I like to stay away from describing certain notes being more important than others. To me a piece of music is like a painting. One could not leave out any patch of color or shape in the background of a painting – no matter how small. Literally every color and shade that occupies the canvas is absolutely essential. And short of that, no serious painter would think that it’s any less important to work on the background only because it’s not the subject.
By thinking that there’s a hierarchy in music-that certain notes are more important than others-even within the same voice, to me changes the essence of the entire thing-the what it is and what it isn’t. I teach a string ensemble where the kids who play the accompaniment would sometimes complain of being bored as they are “only” holding long notes or playing repeated eighths. (Frankly I don’t even like the word “accompaniment”, but admitted there are times material is written in a way that the word does carry some truth.) Just like the background of a painting, those long notes or repeated eighths need to carry just as much energy, shape, and nuance. The equality in a painting applies in the same way.
While different notes are all important, they all need their own distinct qualities. Just like on a canvas, some are supposed to be more in the foreground; some more in the back. Some more opaque; some more transparent. They have different kinds of weight, mass, density, texture. They can even have different altitudes: sometimes going with pitch direction, sometimes against. And all this even before considering the spaces between the notes. Music is motion. I like to feel how all the notes have their own individual, almost physical place, in this dynamic 3-dimensional aural world.
Without hierarchy, it means that to ”follow” another line (e.g., the melody) takes on a different meaning from the literal sense of the word. I recently read an interview of Alan Alda’s. He describes an improv exercise called the mirror exercise where whatever person A does, B has to instantaneously do the same thing. One learns that the person initiating the movement will have to take responsibility to help the other person mirror you (e.g., by not going too fast); and also that the person mirroring will have to observe the initiator so carefully that they can almost predict what they’re going to do. Otherwise it would be impossible for things to happen instantaneously. To me this same principle applies to playing. “Following” will often put one ever so slightly late. And even if the timings match, that kind of togetherness creates more of a 2-dimensional stacking (like stacking legos), rather than a true collective coming together, a real unity. Stacking is two-dimensional, but true togetherness gives you mass, girth, depth, power, and infinitely more. And here’s the thing: to me the beauty and magic of music is that sometimes it is precisely the imprecision that enables the creation of the illusion of togetherness. Imagine a (good)pianist aligning all the notes together vertically at all times. It would sound robotic and just ridiculous really. Why would we aim to do that in chamber music or even in orchestra? In the video here of Annie Fischer playing, you can hear how she sometimes ever so slightly splits even just a simple third in the same hand, let alone a melodic note with the harmony.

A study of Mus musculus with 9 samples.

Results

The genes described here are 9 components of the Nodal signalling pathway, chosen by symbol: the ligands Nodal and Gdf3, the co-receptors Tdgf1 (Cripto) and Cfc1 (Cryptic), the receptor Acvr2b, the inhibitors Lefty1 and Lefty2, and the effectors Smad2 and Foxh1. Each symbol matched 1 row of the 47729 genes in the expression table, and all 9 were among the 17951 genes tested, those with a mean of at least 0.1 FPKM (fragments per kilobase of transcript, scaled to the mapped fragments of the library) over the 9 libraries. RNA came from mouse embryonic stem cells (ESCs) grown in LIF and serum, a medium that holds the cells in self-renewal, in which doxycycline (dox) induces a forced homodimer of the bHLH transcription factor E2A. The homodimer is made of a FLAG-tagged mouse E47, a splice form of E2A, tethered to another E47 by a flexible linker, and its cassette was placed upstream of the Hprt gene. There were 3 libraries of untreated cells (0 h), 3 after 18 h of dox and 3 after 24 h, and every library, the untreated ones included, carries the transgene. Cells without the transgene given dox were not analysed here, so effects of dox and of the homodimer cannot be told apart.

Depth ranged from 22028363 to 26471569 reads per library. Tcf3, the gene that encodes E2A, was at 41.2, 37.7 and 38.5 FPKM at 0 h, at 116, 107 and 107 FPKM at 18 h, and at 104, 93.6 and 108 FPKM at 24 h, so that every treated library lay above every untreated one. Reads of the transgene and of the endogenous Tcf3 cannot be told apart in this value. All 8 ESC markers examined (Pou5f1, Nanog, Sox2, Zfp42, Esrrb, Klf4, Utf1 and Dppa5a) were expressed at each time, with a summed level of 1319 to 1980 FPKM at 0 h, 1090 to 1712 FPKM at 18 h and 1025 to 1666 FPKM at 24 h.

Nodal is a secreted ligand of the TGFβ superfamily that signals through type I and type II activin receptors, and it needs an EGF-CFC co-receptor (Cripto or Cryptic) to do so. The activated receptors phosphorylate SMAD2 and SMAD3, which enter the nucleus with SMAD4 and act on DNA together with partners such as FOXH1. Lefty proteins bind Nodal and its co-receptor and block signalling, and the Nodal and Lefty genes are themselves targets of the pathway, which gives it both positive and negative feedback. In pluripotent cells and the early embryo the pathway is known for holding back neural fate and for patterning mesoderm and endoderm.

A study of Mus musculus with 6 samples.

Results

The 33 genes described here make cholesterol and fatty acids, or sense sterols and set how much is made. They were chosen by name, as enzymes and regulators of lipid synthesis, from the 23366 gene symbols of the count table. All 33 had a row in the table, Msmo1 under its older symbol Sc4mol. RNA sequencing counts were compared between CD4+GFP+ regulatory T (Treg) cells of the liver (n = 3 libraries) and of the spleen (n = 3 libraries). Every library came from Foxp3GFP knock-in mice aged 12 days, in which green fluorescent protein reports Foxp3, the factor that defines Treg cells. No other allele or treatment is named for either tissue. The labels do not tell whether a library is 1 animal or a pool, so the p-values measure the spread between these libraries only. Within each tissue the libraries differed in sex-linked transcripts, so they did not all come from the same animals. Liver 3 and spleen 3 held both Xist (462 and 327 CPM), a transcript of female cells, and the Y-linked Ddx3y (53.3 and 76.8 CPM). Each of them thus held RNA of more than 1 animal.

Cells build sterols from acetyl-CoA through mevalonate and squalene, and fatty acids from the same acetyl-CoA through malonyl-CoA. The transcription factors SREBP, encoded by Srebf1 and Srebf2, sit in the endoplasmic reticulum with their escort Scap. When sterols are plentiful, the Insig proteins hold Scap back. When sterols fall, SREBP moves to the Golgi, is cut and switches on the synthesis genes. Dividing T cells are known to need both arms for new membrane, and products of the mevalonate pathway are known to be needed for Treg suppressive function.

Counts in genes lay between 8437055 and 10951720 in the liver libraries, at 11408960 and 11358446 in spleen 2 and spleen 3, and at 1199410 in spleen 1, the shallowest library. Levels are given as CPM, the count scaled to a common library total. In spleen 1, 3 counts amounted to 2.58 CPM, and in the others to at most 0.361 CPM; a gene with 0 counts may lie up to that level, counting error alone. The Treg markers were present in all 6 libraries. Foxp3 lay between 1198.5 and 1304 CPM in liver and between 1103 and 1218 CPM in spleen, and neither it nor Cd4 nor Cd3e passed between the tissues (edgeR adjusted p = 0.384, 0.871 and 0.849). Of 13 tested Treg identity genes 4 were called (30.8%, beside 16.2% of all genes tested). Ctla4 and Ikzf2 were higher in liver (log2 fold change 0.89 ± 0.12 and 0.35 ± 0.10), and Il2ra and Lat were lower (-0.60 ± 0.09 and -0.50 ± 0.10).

While I’m isolating this one particular example of how she manipulates notes to create voicing and texture, I’m not trying to reduce this beautiful performance to some kind of technical analysis. This touches me so much – I almost always get tears listening to it.
Or, tell these guys in a barbershop quartet that those not singing the melody line are less important and that they might as well just phone it in… And are they really “following” the melody here? Everyone is as much the driver. In fact, it’s most likely a give and take, where certain voices do drive a bit more or less at different times because of harmonic context.
Is playing Beethoven so different from what these guys do in terms of being together? If you ask me, us classical musicians have a lot to learn from how those from other genres jam and groove together.
I watched a Carlos Kleiber rehearsal video on youtube years ago (which I can no longer find) where he instructs the violin section to make sure to only wait until they’ve heard another player come in before they creep in with their note, to need to “guess” when to come in as the mood of the music calls for hesitancy and doubt there. To play “together” is not an already defined state, but an illusion that one can only try to create by sometimes even doing the opposite. And what it means to be together in different places can be vastly different. It’s context-dependent.
It’s like that in life, too, isn’t it? One can’t always be in step with another, metaphorically and otherwise. If only it were that easy. It takes so much more than lining things up. It takes real work. Continual work. There’s no done and you’re all good from here on. But when true togetherness happens – in music or otherwise – that’s when magic happens. I don’t think we can expect magic too often, but is that a reason to not strive for it? Or change the definition of that magical state to something more “practical” and achievable and more relatable just so we can feel more accomplished? If anything, we’re lucky as musicians this way. It is so much easier to find magic in music than in real life. Why go for mere competence or excellence (which I’d argue isn’t even the point-only a side effect), and make ourselves that much poorer by not going for the magic – for what music IS – even if it means that we won’t find it every single time.